Refining Post-Surgical Therapy for Women with Lymph Node-Positive Breast Cancer
Name of the Trial
Tamoxifen Citrate, Letrozole, Anastrozole, or Exemestane with or without Chemotherapy in Treating Patients with Invasive RxPONDER Breast Cancer. See the protocol summary.
Official title: A Phase III, Randomized Clinical Trial of Standard Adjuvant Endocrine Therapy with or without Chemotherapy in Patients with 1-3 Positive Nodes, Hormone Receptor-Positive and HER2-Negative Breast Cancer with Recurrence Score (RS) of 25 or Less (SWOG-S1007).
Dr. Ana Maria Gonzalez-Angulo, SWOG (formerly Southwest Oncology Group)
Why This Trial Is Important
The term “breast cancer” encompasses several distinct cancers that are defined by their genetic and molecular characteristics in addition to their location in the body. The individual types of breast cancer may respond differently to treatments such as endocrine therapy, chemotherapy, and biologic or drug therapies that target certain receptor proteins on the cell surface, including the receptor protein HER2. Scientists have made substantial progress in classifying the different types of breast cancer by their molecular features and are creating new treatments that target those features.
Early-stage breast cancer is usually treated with surgery, followed by radiation therapy. In addition, many women with breast cancer have cancer cells that express estrogen and progesterone hormone receptors; such cancers are referred to as hormone receptor (HR) positive. These women typically receive post-surgical, or adjuvant, endocrine therapy with tamoxifen or an aromatase inhibitor.
If a woman has HR-positive breast cancer that is determined to have a higher risk of recurrence, she may receive adjuvant chemotherapy with cytotoxic drugs for up to 6 months before starting endocrine therapy. One common determinant of higher recurrence risk is the presence of cancer cells in the lymph nodes closest to the tumor (node-positive disease). Currently, all women with HR-positive breast cancer that has spread to the lymph nodes receive chemotherapy, unless it is contraindicate d.
Genetic tests developed in recent years are helping to better identify women likely to experience a recurrence. The 21-gene signature recurrence score test, Oncotype DX™, examines the expression of 21 genes—16 known to play a role in breast cancer and 5 reference genes—to generate a recurrence score between 1 and 100. For women with HR-positive breast cancer that has not spread to the lymph nodes (node-negative disease), the test can accurately predict the likelihood of recurrence better than traditional predictors of recurrence, such as patient age and tumor size. Using the test, doctors are now able to determine which patients are most likely to need chemotherapy in addition to endocrine therapy because of a high likelihood of recurrence, thereby allowing women with low recurrence scores to avoid the toxic side effects and other costs of chemotherapy.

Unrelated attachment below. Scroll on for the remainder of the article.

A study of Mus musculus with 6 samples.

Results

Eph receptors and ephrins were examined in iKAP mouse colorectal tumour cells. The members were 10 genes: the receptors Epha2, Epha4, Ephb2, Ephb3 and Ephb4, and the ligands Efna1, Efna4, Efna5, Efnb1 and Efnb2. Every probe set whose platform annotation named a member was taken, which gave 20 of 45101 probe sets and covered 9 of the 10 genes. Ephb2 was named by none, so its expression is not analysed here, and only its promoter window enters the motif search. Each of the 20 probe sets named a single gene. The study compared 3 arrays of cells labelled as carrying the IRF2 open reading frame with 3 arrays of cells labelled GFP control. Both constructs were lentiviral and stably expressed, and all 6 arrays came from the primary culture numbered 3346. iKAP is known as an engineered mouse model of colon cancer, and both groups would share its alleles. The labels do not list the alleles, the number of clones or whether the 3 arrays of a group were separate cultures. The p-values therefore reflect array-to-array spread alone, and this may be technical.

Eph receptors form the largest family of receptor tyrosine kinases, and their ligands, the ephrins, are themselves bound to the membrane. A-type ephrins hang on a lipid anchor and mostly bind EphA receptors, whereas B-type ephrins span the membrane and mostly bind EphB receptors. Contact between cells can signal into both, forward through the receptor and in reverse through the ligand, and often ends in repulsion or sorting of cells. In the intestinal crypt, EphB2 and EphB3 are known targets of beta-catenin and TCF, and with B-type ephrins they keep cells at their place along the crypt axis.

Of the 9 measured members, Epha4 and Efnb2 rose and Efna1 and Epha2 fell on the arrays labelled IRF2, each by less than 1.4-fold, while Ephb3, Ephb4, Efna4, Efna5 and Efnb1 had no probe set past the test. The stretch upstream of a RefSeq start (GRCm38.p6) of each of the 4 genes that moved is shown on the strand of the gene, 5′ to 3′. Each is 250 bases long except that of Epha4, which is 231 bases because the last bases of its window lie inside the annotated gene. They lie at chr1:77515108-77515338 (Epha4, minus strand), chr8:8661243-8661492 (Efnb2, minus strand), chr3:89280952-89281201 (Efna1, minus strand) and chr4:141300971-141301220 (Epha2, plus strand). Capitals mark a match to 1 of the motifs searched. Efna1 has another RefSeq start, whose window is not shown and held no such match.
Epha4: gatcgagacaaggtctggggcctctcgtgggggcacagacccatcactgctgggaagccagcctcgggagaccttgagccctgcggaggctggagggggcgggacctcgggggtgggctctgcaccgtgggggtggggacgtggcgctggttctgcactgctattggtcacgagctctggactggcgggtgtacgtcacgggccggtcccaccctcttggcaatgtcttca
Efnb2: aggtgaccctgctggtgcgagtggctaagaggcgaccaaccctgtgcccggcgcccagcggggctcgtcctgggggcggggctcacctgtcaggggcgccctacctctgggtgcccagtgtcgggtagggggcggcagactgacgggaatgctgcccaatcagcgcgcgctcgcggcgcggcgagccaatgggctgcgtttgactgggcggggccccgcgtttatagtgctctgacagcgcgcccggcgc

To see if the test might also be useful for women with node-positive disease, researchers retrospectively analyzed tumor tissue taken from women with HR-positive, node-positive breast cancer who participated in a previous clinical trial of endocrine therapy with or without adjuvant chemotherapy. Results from this analysis suggest that the 21-gene recurrence score test can help identify women who will benefit from chemotherapy and those who may safely skip it. The current clinical trial will prospectively evaluate the test in a similar patient population.
In this phase III trial, women with HER2-negative, HR-positive breast cancer and 1 to 3 positive lymph nodes will be tested to determine their recurrence score. Women with recurrence scores of 25 or lower will discuss their score with their physicians, and, if they decide to continue in the study, they will be randomly assigned either to undergo adjuvant chemotherapy before starting endocrine therapy or to begin endocrine therapy without chemotherapy. The primary objectives of the study are to see if those women with low recurrence scores can safely skip chemotherapy and if there is a specific score above which there is a consistent benefit from chemotherapy.
“We estimate that about two-thirds of the 9,400 women who will be tested in this study will have a recurrence score of 25 or less, and those are the patients we would consider low risk and hypothesize that chemotherapy has no benefit for,” said Dr. Gonzalez-Angulo. “So, our main purpose is to see if we can spare these women from 6 months of toxic therapy that they may not need and may get no benefit from.
“If we can demonstrate that there is a score below which chemotherapy has no benefit, then for those women we can do away with the risks of long-term toxicity, including cardiac toxicity and leukemias, and the costs associated with chemotherapy, not just in terms of direct costs of the drugs but also those associated with hospitalization for complications of chemotherapy treatment,” she added.